A dentist puts his experience to work to repair a spot of worn tin.
This is a guest post by Dr. Henry Ramirez, DDS.
My wife and I have always admired copper pots, but it wasn’t until we retired that we had the time for its display maintenance.
One of the vintage au gratin pans I purchased on NextDoor showed the copper color through its tinning of about an American quarter coin size so it was a borderline case regarding toxicity.
As a dentist, I had often tin-plated the inside of my gold crowns to increase the bond strength of the cementation. I was able to source the dental electroplating kit on Ebay and a lead-free tinning solution called “421A Liquid Tin” on Amazon. Liquid Tin is a solution of pure tin suspended in a liquid solvent, and while the Liquid Tin itself is not food-safe, the tin it deposits on the surface is pure and non-toxic.
A little research on the web brought up the use of oxalic acid in readying surfaces for plating. This is the active ingredient in my wife’s kitchen cleanser, Bar Keeper’s Friend. I made a paste with water and scrubbed the whole pan then rinsed with hot water. The now-shiny pan was fully dried using a heat gun.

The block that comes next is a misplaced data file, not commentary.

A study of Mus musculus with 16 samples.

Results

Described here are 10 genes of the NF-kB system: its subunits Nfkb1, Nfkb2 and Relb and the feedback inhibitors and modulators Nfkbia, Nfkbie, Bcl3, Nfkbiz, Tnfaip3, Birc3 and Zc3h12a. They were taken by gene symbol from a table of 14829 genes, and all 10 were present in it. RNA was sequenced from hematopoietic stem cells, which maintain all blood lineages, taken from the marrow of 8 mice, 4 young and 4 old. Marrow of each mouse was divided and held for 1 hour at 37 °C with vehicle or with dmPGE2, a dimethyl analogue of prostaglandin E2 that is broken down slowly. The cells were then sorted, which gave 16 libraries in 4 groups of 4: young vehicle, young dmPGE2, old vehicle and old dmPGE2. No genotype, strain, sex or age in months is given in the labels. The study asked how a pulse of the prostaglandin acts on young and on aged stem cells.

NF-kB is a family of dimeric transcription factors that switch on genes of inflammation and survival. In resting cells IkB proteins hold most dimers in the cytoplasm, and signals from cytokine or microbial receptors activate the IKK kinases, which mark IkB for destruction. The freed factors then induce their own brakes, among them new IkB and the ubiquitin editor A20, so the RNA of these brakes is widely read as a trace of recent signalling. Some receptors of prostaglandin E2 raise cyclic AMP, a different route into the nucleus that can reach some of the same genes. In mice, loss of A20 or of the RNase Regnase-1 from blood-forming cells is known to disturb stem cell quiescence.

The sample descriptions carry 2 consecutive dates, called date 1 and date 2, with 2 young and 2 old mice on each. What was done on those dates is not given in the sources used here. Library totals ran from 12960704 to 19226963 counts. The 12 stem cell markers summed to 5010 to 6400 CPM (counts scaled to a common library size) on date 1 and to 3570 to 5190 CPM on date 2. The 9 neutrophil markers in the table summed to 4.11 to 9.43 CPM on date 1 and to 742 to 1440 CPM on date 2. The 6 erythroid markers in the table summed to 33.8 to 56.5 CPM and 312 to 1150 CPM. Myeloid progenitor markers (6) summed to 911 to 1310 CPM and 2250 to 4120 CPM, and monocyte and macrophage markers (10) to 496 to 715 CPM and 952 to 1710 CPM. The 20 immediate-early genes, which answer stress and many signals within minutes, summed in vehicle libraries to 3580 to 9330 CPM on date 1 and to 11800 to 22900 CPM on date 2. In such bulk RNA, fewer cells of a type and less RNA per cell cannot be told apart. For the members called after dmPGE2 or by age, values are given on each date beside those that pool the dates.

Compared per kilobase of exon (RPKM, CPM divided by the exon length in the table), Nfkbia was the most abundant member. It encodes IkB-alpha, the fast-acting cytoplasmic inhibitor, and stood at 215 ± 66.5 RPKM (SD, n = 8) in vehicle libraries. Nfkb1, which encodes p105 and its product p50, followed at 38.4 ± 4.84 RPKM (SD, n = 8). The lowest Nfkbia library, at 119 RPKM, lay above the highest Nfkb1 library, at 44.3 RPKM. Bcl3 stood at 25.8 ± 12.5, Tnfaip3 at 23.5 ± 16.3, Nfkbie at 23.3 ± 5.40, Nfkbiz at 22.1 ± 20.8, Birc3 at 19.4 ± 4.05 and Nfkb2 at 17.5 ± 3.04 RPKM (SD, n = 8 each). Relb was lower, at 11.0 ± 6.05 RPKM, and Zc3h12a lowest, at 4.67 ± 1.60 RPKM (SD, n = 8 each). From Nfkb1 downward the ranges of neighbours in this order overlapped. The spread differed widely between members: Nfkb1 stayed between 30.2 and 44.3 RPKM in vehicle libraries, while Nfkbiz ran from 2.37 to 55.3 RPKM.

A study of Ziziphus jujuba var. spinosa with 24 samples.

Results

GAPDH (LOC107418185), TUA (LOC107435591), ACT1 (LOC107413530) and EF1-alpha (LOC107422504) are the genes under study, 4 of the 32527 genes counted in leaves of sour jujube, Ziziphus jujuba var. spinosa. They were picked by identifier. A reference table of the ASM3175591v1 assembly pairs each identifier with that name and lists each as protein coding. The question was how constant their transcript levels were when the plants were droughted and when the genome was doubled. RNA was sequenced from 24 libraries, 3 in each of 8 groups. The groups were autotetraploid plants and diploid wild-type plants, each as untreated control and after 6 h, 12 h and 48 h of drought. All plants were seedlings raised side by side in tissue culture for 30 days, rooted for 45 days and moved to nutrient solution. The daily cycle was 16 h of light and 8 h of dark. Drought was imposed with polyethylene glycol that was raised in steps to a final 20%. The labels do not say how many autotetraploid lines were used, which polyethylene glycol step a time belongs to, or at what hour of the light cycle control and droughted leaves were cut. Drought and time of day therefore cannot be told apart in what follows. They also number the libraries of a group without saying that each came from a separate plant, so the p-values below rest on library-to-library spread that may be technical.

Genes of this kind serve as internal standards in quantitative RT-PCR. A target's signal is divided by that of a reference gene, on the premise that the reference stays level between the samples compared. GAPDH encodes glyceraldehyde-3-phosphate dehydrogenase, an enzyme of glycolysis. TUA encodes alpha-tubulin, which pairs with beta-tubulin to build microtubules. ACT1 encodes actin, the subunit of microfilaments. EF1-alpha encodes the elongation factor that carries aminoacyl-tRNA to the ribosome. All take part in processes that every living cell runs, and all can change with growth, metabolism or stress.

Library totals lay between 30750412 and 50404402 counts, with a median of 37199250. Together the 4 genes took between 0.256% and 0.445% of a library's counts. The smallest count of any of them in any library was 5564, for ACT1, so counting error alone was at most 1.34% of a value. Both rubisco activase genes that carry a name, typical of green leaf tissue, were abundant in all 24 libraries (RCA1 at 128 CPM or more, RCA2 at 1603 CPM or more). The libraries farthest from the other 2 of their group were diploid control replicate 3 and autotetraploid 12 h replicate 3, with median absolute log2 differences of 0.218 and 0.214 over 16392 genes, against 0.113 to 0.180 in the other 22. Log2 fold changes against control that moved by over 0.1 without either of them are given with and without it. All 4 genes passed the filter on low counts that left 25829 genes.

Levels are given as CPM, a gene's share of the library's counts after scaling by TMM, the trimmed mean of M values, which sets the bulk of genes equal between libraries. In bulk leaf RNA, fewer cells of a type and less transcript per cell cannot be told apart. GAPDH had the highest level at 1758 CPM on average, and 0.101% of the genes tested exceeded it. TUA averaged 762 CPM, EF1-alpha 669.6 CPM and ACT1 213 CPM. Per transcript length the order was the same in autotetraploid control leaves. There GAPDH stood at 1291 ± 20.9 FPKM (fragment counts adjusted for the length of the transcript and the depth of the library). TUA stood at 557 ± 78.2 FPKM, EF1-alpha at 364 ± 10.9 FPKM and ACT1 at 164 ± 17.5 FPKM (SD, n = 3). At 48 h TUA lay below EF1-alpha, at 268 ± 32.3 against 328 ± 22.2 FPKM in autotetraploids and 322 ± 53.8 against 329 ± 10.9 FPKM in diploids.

The kit has a grounding clip that is attached to the pan and a small cotton ball squeezed onto the handpiece’s electrode. It uses three size N low-voltage batteries, so there was no fear of electrocution. A good shake of the Liquid Tin bottle and a small pour into the pan. Rubbing the cotton on the exposed copper immediately caused the light gray deposition of tin. The liquid is clear so I didn’t notice that it had retinned other areas inadvertently. Next time I’ll just swab the whole affair!
Here’s a photo of my gratin pan after I completed tin electroplating the entire pan. Really pleased with the result which is smooth as silk.
Final before and after photos
VFC says: Thank you, Dr. Ramirez! I know that tin can be electroplated to copper — it’s the best (maybe only) way to get tin to bond to the inside of copper tea kettles, for example. Liquid Tin looks like a small quantity of the same electroplating solution that retinners use. As long as the deposited tin is pure — and Liquid Tin asserts that it is — then I think it’s safe to use on pans. Keep in mind that while the deposited tin layer is enough to coat the surface, it is not nearly as resilient as a hand-wiped tin lining that is several times thicker. But if a pan has minor areas of exposed copper and the rest of the tin is in good shape, this looks like an option to lengthen the lifespan of the lining.
Thanks for the guest post! Has anyone else tried this?